An Ohio federal district judge today granted a preliminary injunction (PDF) to President Obama's re-election campaign and other plaintiffs in a lawsuit challenging changes to Ohio's early voting law. U.S. District Judge Peter Economus halted new rules that would have lessened the amount of early voting time for residents not covered by rules for military personnel and others overseas.
Under the proposed changes, in-person early voting would be open to Ohio residents until 6 p.m. on the Friday before Election Day and through the Monday before Election Day for voters covered by the Uniformed and Overseas Citizens Absentee Voter Act. Under the previous law, early voting for everyone ended the Monday before Election Day.
Economus found that the plaintiffs were likely to succeed on their constitutional challenge to the changes and that state officials failed to show that keeping early voting for everyone through Monday would create an undue burden for state election officials.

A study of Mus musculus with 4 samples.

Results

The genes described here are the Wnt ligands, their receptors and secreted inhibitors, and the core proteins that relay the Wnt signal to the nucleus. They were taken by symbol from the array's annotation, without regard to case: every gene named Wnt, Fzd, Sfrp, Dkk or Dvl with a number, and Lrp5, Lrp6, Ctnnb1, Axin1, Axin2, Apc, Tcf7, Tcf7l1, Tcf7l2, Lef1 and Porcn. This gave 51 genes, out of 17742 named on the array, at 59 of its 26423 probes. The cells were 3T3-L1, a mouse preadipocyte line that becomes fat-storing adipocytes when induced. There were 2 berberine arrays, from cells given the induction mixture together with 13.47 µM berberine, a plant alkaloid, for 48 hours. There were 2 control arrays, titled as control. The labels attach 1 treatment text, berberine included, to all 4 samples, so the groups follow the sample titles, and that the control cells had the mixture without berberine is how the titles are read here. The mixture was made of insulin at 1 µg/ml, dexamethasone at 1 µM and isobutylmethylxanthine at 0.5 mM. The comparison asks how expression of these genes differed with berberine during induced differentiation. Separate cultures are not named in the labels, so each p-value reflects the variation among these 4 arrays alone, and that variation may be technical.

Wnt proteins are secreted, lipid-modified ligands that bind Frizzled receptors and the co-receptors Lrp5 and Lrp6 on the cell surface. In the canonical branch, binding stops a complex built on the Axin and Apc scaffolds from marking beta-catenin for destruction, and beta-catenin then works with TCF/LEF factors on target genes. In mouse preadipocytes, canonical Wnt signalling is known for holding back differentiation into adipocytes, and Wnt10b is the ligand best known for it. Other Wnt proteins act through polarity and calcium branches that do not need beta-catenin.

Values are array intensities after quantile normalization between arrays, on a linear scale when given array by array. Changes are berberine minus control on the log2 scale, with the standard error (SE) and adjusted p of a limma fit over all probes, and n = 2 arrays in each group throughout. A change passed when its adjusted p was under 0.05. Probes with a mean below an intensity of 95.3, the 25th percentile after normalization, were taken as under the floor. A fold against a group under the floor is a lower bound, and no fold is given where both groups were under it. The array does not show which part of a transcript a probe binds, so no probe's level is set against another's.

The Obama campaign, the Democratic National Committee and the Ohio Democratic Party sued state officials last month, claiming the proposed revisions would unconstitutionally infringe on the right to vote and that in creating separate rules for different residents, the changes violated the equal protection clause of the Constitution as well.
Ohio state officials had countered that the changes were needed because early voting had placed a heavy burden on election officials in the days leading up to the official election day.
"[T]his Court notes that restoring in-person early voting to all Ohio voters through the Monday before Election Day does not deprive UOCAVA voters from early voting. Instead, and more importantly, it places all Ohio voters on equal standing," Economus wrote.
Lead counsel for the plaintiffs include attorneys with McTigue & McGinnis in Columbus, Ohio; Perkins Coie's Robert Bauer, who is general counsel for the Obama re-election campaign and the Democratic National Committee; and Obama campaign lawyer Jennifer Katzman.
The Ohio attorney general's office has been supported in defending the early voting changes by attorneys with Bricker & Eckler in Columbus, Ohio, and Washington's Wiley Rein.